LINCOLN, Maine — Clarice Murchison is a volunteer at the Lincoln Regional Food Cupboard and Resource Center who looked forward to helping others this holiday season.

But Murchison’s husband, Dwight, is among 200 Lincoln Paper and Tissue workers targeted for layoffs, so Clarice wonders whether her family might soon need food from the cupboard.

“He was a boiler operator, which is in the area that blew up, and they shut that completely down, so he is out of a job,” Murchison said Thursday as she tended to the pantry’s West Broadway storefront. “They are not going to rebuild the boiler, and that’s what he’s known all his life.”

“It puts a lot of emotional stress on people,” she added. “[You wonder] what am I going to do now? What am I going to give up? What am I going to keep? You know, when you have worked your whole life for it. I was very upset because my husband, he only had a couple more years, and where do all the old timers get a job at [age] 61?”

United Steelworkers union officials who met at Mattanawcook Academy with several hundred workers and the Maine Department of Labor’s Rapid Response Team on Thursday estimated that as many as 40 workers could take an early retirement offer. Generated during layoff negotiations earlier this week, the offer effectively could save 40 younger workers from layoffs.

The company and union have been meeting since Monday to develop the retirement deal and a severance package for workers, said Roger Zelkan, president of United Steelworkers Local 396. He declined to divulge settlement details.

Mill co-owner Keith Van Scotter announced earlier this month that an explosion of a recovery boiler at the mill on Nov. 2 forced the indefinite but not permanent layoffs. He and other company officials have said they will not seek to replace the boiler, a key element to the papermaking components of their mill, until market conditions improve. Such boilers can cost as much as $100 million to replace.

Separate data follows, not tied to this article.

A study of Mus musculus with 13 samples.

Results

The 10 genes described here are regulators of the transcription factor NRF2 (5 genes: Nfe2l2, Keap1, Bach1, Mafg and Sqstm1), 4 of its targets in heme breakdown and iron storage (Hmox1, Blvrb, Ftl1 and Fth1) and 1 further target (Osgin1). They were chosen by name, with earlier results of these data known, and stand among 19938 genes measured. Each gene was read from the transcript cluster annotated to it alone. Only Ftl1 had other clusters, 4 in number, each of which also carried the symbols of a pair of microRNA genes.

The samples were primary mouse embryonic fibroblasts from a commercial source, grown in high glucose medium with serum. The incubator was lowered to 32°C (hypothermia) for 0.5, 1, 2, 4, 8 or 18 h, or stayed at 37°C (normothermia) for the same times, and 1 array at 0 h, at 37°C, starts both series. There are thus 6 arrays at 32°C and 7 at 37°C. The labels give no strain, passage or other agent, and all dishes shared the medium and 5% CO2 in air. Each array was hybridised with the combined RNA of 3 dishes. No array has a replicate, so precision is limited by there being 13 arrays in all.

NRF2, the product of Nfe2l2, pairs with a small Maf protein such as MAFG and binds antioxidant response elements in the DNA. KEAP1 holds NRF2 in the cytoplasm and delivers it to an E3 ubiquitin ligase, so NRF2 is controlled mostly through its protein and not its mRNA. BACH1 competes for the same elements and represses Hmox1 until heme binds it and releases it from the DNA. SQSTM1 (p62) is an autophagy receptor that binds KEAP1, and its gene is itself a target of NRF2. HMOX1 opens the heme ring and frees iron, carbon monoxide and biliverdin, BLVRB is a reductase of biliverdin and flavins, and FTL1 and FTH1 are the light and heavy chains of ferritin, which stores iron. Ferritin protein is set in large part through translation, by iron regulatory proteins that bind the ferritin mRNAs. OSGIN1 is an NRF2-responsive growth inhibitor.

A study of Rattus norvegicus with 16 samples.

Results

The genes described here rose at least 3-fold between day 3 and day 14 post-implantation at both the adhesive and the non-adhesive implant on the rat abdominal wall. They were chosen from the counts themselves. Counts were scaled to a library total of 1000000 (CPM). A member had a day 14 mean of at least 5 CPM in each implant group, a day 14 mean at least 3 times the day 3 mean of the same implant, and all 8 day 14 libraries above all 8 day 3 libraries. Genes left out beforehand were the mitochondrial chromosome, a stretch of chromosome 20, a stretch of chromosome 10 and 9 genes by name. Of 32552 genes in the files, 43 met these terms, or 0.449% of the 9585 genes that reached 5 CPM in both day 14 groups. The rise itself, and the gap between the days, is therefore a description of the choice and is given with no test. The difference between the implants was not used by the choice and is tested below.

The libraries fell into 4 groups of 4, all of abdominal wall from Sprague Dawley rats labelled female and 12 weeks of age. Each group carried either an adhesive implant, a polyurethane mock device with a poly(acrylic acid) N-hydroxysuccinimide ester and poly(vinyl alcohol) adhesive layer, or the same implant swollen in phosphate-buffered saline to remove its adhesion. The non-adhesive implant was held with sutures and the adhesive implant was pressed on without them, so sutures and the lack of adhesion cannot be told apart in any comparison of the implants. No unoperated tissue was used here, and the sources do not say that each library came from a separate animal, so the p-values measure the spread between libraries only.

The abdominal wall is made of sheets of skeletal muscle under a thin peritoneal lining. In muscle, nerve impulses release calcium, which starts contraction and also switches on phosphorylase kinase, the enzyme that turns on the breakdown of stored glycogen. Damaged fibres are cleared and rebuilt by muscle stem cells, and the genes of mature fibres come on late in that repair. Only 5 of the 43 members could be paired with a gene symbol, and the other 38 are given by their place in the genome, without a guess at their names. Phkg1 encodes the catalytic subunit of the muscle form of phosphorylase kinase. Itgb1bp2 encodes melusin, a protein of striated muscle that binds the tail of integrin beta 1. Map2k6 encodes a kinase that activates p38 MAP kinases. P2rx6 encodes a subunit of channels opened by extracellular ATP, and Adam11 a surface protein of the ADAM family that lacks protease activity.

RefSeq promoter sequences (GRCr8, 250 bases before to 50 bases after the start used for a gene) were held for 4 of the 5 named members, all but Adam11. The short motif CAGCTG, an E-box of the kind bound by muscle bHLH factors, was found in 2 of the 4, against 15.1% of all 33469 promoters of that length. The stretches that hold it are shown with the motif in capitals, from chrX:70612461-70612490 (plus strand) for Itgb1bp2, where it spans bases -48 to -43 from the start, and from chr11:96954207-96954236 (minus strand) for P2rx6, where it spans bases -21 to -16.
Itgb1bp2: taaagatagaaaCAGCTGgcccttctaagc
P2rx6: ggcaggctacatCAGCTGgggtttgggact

The mill’s three tissue machines continue to run, company workers have said.

In a petition the company filed on Dec. 16 with the U.S. Department of Labor seeking job retraining and employment services for the 200 affected workers, company officials also disclosed that the loss of a tissue contract to an Indonesian firm caused the job loss. The petition did not mention the explosion. It cited Thursday as the day when the last of the layoffs would occur.

Zelkan said the the contract loss “forced them [mill managers] to do what they did. It takes orders off the machines. If you lose a lot of the orders, you are lost,” he said.

“There is some expansion in domestic tissue market, 1 or 2 percent annually, but the problem with that is that once people see that they can make money making tissue, they jump into that market,” said Duane Lugdon, United Steelworkers’ international representative in Maine.

The layoffs are expected to have a powerful impact on the Lincoln Lakes region. Until the layffs, Lincoln Paper was the region’s largest single employer, with 400 workers.

Some workers might transition to new jobs quickly, if they are willing to move south and take training. Huhtamaki, a specialty packaging company, had applications offered at the meeting for as many as 40 jobs in Waterville making disposable tableware.

David Ireland, owner of Dave Ireland Builders LLC of Howland, sought 50 to 75 workers. His company will be among 70 contractors installing natural gas burners in the Kennebec Valley for Summit Natural Gas, paying $20 to $22 per hour, Ireland said.

For workers in need of immediate aid, Lincoln’s town government offers a home heating assistance program and the town supports the Lincoln Regional Food Cupboard and Resource Center, Town Council Chairman Steve Clay said.

As of Oct. 31, the program had $12,400, Town Clerk Shelly Crosby said Thursday. Anyone interested in donating and any Lincoln resident interested in applying for aid should contact the town office at 794-3372. Checks can be mailed to Town of Lincoln, 63 Main St., Lincoln, 04457, care of heat and fuel assistance donation program, Crosby said.

Lugdon encouraged donations to the town’s food cupboard. Cupboard workers have established two accounts for food and home heating donations at Lincoln Maine Federal Credit Union, 171 West Broadway, Lincoln 04457. Donors should mark on their checks whether the donation is intended for food or fuel relief, Lugdon said.

“Every dollar they [workers] can save can pay their mortgages or their other obligations,” Lugdon said. “They are trying to stretch their dollars. When you don’t have a job, that’s what we have to do.”

Other charity efforts are under way. Lincoln Fire Department union members donated dozens of toys to the displaced workers’ families. Dwight and Clarice Murchison’s daughter Nicole created a Facebook page called Lincoln Used Toy Swap to collect donations for laid-off workers’ children. Several dozen new to slightly used toys have been donated so far, Nicole Murchison said.

“People from all around are truly stepping up and are extremely generous,” Murchison said. “It’s all about helping those in need that got the bad news of the layoff close to Christmas.”